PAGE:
Ask My Vet is a series based on questions I have—and maybe you do, too—about dogs. Katniss’ veterinarian, Dr. Katharine Kennedy of Arbor Animal Clinic here in Austin, provides answers and expertise as a part of this series.
Question: Can dogs really predict natural disasters? Do they know when we’re ill?
Dr. K: “It seems like everyone out there has an opinion on this topic, and no one has any peer-reviewed data to back it up. I do agree with the majority of those folks out there. There are too many cases of pets cuing humans in to impending change to ignore the possibility that they can sense things beyond our own ability.
“Fairly well-documented abilities include dogs that can predict seizures in epileptics or blood sugar crises in diabetics. In these cases we aren’t sure if they can sense physiologic changes such as the ketosis that results from abnormal blood sugar, or if they pick up subtle changes in body language that precede a seizure event.
“Dogs have been noted to alert to an unusual type of seizure called a psychogenic nonepileptic seizure (PNE), in which the human has changes in brainwave pattern but no classical seizure event. PNEs are a messy, highly debated topic in human psychology. There are some thoughts that they can be triggered by stress events. PNEs can sometimes be managed with behavioral therapy rather than anti-epileptic medications. So the question arises: If the human knows that the dog alerts to a PNE, does it predispose the human to have a PNE as a response to the dog’s alert? Is the dog perceiving human stress and responding, or is the human responding to the dog?
“There are also some haunting stories of pets that have predicted deaths. For example, there is the story of the resident cat at a nursing home that was antisocial but had a tendency to visit with individuals shortly before they died. Does the cat just pick up on context cues and changes in staff behavior, or is he able to sense something that we can’t? There are also suspicions that dogs can sense other diseases, such as cancer, by sniffing blood samples of people and alerting people to ovarian cancer, melanoma and bladder cancer.
“Maternity boards are rampant with reports of dogs predicting human labor. I will say that several of my female vet colleagues have noted behavioral changes in their canine patients and pets when they themselves are in very early pregnancy, sometimes even before they themselves knew they were pregnant: excess salivation, teeth chattering, and clingy behavior. Do we send out unconscious behavioral cues, or are the dogs sensing hormone changes in our bodies?”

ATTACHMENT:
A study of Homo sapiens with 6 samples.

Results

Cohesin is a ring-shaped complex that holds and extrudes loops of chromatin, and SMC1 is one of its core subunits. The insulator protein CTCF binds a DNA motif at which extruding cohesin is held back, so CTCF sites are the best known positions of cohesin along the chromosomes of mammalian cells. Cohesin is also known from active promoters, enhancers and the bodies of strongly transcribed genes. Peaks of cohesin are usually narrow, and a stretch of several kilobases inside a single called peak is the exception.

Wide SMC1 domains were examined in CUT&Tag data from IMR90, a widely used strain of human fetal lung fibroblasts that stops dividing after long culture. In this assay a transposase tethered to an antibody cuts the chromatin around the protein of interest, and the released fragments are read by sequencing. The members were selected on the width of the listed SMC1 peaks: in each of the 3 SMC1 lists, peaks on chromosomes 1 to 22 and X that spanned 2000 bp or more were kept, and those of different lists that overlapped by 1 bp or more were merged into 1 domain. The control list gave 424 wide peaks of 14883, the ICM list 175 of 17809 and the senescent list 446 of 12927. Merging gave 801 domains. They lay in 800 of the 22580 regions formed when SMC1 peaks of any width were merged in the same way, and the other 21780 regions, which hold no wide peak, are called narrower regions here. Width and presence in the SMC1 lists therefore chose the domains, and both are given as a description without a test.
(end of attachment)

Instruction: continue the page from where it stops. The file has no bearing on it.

What about weather?
“I found one study of changes in behavior of the white-crowned sparrow in response to declining barometric pressure and a data study of unusual animal behavior preceding the 2011 earthquake in Japan. The sparrow study involved measuring various behaviors and metabolic changes while decreasing barometric pressure in a lab environment. They found that the decrease in barometric pressure coincided with greater food intake but didn’t seem to affect behavior otherwise.
“The Japanese study surveyed milk yields of dairy cows in a particular facility near the epicenter of the quake. They did note that the milking yields decreased significantly about one week before the quake. I would point out that a study based on a single dairy farm is not very strong statistically, but it is interesting, at least. Researchers speculate on the evolutionary advantage of animals that can predict weather changes and respond in a manner to keep themselves safer during the event. For example, if a sparrow can’t forage for food safely during a storm, can they eat more before the event to offset the inability to find food during the storm?
“The most common issue I see with dogs and weather changes is thunderstorm anxiety. Those dogs that hide and pee in the bathtub, frantically try to escape their crates or eat their way through a door when a storm is brewing are destined for a visit to the vet. Are their senses warning them to seek shelter as they would in the wild? Have we bred them to respond inappropriately to what would otherwise be a normal event for them?
“I think every post I’ve written for you so far ends with that frustrating inability to just be able to ask our pets what they think, how they feel and WHY they do the things they do. Alternately, it is a prime moment to sit back and marvel at the wonders of the world we are part of. We are tiny pieces of a gigantic and amazing web of life. The more questions we answer about or world, the more questions we have to ask.”